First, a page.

JOURNAL ARTICLE

Obesity: does it occur in African children in a rural community in South Africa?

K D Monyeki, F J van Lenthe, N P Steyn
International Journal of Epidemiology 1999, 28 (2): 287-92
10342693

BACKGROUND: Total body fatness and a centripetal fat patterning are recognized as risk indicators of cardiovascular disease in adulthood. In this study, the development of these risk factors in rural South African children during the preschool years and first years of formal schooling is explored.

METHOD: The initial cross-sectional data from the Ellisras Longitudinal Investigations in Rural Community Children Project, ongoing since 1996, were used, involving 684 boys and 652 girls, aged 3-10 years, in the Ellisras rural community. Overweight was measured using the body mass index (BMI) (kg/m2). Overfatness was based on the sum of the triceps and subscapular skinfold thicknesses. A centripetal fat patterning was measured by the sum of trunk skinfolds relative to limb skinfolds and the ratio of the subscapular to triceps skinfold. Further, the ratio of the subscapular to supraspinale skinfold was used as an indicator of lower body fat patterning. The 85th percentiles of the NHANES III were used as cutoff values for overweight, overfatness and a centripetal fat patterning.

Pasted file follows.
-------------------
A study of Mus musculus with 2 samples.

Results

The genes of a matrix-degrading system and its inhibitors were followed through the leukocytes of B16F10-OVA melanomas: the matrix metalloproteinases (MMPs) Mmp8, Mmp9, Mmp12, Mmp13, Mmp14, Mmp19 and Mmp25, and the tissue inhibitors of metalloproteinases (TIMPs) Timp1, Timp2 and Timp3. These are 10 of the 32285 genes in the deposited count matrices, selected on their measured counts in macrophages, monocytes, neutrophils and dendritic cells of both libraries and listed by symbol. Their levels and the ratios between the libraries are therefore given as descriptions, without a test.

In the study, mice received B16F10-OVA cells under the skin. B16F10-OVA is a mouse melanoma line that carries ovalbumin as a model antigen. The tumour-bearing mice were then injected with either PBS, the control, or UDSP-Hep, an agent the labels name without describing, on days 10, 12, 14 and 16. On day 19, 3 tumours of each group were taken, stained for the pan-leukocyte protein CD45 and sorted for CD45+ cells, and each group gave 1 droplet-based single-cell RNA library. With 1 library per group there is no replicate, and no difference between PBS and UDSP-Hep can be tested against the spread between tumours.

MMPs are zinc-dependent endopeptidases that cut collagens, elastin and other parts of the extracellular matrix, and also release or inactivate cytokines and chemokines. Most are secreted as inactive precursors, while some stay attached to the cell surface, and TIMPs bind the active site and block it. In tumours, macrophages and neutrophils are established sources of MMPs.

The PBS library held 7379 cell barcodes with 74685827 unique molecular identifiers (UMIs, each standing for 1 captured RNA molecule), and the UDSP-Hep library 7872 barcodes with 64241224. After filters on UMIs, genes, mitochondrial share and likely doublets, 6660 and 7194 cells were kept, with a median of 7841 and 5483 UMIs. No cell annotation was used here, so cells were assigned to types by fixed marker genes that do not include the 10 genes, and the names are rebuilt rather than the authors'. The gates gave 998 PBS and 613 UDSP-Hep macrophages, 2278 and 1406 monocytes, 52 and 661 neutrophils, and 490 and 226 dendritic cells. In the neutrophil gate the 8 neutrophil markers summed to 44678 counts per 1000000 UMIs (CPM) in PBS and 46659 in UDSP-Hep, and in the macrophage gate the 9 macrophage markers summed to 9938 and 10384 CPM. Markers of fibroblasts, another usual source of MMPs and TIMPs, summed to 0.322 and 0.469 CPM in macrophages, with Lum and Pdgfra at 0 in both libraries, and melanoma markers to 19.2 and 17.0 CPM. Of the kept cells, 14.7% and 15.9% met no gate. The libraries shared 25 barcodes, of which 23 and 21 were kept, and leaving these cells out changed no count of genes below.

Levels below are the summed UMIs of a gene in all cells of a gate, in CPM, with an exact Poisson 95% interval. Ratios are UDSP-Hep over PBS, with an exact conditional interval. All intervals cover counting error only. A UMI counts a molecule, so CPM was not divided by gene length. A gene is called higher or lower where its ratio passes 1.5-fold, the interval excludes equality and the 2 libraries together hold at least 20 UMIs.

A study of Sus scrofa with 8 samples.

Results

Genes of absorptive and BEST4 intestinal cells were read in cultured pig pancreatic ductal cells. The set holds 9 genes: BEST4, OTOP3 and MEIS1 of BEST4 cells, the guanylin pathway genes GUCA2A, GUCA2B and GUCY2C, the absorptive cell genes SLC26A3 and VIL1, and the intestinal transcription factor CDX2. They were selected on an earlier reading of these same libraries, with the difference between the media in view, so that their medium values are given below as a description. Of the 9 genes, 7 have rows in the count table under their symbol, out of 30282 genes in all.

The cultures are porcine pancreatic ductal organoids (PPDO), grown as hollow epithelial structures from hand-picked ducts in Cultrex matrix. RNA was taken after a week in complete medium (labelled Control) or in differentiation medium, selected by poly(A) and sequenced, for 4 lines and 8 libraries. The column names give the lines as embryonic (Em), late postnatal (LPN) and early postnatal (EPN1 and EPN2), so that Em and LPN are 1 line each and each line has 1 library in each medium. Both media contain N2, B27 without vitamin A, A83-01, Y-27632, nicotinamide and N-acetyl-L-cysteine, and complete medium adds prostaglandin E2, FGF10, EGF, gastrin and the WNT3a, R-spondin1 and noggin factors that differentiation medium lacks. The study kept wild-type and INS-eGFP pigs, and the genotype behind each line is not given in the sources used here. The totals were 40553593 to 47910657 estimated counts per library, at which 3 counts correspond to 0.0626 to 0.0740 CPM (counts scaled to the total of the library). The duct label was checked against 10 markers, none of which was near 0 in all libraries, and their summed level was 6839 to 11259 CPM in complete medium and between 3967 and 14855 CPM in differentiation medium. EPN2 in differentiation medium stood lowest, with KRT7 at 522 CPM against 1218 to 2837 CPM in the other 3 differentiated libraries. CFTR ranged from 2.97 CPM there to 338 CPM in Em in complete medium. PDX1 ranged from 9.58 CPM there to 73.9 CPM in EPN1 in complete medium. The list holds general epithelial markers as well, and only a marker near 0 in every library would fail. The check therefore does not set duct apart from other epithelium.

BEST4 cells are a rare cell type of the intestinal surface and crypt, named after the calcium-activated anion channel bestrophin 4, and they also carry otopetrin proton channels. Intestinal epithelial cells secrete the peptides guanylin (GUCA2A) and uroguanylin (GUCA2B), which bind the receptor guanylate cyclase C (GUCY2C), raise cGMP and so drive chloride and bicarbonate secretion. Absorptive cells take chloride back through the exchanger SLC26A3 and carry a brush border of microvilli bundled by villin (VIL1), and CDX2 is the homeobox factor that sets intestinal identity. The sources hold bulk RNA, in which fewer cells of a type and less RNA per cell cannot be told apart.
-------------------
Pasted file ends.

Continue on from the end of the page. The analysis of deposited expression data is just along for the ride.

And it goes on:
RESULTS: At ages 7 and 8 years, mean BMI was statistically significantly higher in males compared to females (P < 0.05). The log transformed supraspinale skinfold thickness was larger in females compared to males at ages 4-7 years; the log transformed subscapular skinfold was larger in girls compared to boys aged 7-10 years. Less clear patterns were found for the extremity skinfolds and the skinfold ratios. Very few children (0-2.5% in males and 0-4.3% in females) had BMI values above the NHANES III 85th percentiles, indicating a very low prevalence of overweight children in the area. About 15% of the males showed overfatness at ages 3-4 years, while low prevalence was found at older ages.

CONCLUSION: Few Ellisras rural children had above normal values for BMI, indicating a low prevalence of obesity in this population. In the 3- and 4-year-old group more subjects were found to have excessive fat, as indicated by the sum of the triceps and subscapular skinfold thicknesses.